BANGKOK — A top official has dismissed criticism from the US-based Human Rights Watch that Thailand's new provisional constitution grants superfluous power to the country’s military junta.
The forty-forth article the 2014 Interim Constitution states that the National Council for Peace and Order (NCPO) can unilaterally intervene and take any action to protect the Kingdom against "threats" to its national security, monarchy, public order, and economy – without seeking approval from the civilian government.
The NCPO is permitted to intervene "regardless of its effects on the legislative, executive or judiciary," and all orders or acts "are to be regarded as lawful and constitutional," the article says.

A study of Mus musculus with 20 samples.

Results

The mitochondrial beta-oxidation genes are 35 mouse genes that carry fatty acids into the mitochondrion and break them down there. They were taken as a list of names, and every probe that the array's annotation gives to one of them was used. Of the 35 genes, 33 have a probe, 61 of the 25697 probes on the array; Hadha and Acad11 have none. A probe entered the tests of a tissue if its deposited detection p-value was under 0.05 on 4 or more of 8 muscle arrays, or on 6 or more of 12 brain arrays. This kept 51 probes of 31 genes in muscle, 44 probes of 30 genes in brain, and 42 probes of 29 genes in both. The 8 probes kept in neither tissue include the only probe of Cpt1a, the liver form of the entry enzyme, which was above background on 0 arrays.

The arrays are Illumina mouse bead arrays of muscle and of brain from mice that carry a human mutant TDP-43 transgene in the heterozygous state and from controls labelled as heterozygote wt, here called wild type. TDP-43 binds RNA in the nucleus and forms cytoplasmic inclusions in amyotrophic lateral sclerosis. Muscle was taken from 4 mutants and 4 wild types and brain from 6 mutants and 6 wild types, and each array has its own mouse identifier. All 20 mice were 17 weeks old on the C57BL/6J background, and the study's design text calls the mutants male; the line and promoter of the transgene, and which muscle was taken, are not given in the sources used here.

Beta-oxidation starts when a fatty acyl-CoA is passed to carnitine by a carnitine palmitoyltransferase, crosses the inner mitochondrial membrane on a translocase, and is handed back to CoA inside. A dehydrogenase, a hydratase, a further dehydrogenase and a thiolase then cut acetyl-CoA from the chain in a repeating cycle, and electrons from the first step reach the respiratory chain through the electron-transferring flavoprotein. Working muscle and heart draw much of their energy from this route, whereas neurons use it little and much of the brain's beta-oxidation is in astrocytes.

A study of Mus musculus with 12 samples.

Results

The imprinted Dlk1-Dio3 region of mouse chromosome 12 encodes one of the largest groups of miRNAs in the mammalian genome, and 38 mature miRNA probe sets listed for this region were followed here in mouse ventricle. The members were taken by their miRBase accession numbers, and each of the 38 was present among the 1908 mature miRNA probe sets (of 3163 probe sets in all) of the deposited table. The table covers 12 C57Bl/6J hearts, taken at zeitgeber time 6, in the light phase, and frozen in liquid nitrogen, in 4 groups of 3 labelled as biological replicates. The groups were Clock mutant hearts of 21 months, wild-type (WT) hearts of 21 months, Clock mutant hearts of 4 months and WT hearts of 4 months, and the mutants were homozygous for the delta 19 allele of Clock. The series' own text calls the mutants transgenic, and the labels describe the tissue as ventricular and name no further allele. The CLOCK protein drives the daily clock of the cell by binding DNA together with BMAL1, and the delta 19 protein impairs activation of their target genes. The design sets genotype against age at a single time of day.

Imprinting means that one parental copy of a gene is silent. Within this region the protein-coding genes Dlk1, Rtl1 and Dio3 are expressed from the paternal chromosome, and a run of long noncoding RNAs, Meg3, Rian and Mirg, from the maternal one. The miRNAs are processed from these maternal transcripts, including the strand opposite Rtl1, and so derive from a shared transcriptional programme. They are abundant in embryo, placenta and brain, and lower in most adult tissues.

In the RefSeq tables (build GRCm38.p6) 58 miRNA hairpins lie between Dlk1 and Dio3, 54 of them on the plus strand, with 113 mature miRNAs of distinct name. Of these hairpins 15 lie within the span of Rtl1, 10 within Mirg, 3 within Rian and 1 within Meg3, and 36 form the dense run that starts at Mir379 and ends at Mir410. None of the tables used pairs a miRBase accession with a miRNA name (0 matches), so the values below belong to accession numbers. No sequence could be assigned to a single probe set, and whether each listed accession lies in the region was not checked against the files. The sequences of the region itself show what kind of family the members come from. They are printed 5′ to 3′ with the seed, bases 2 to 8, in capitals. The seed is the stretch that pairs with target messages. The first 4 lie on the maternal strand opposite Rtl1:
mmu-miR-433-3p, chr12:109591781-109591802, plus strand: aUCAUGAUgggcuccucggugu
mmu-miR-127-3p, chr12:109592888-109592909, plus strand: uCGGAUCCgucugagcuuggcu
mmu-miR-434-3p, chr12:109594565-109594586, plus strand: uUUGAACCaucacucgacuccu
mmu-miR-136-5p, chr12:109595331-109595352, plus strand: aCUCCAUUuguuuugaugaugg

The New York-based rights group Human Rights Watch released a public statement today condemning what it’s calling a “charter for dictatorship.”
“Instead of paving the way for a return to democratic, civilian rule, the Thai junta has granted itself unchecked authority to do almost anything it wants, including committing rights abuses with impunity," said Brad Adams, Asia director at Human Rights Watch (HRW).
But Sihasak Puangketkaew, Thailand’s Permanent Secretary of the Ministry of Foreign Affairs, says that HRW misunderstood the interim charter and the situation in Thailand.
"Human Rights Watch should understand that right now we are going through a period of transition, which requires peace and stability," Mr. Sihasak said in an interview today.
According to Mr. Sihasak, "every country" has a law that allows the authorities to intervene and solve problems when the security of the nation is under threat, but that does not mean that such intervention will happen.
"Please understand the context of Thai politics," Mr. Sihasak advised, "Don't reach a conclusion too fast. Right now there has not been any invocation of said power [by the NCPO]."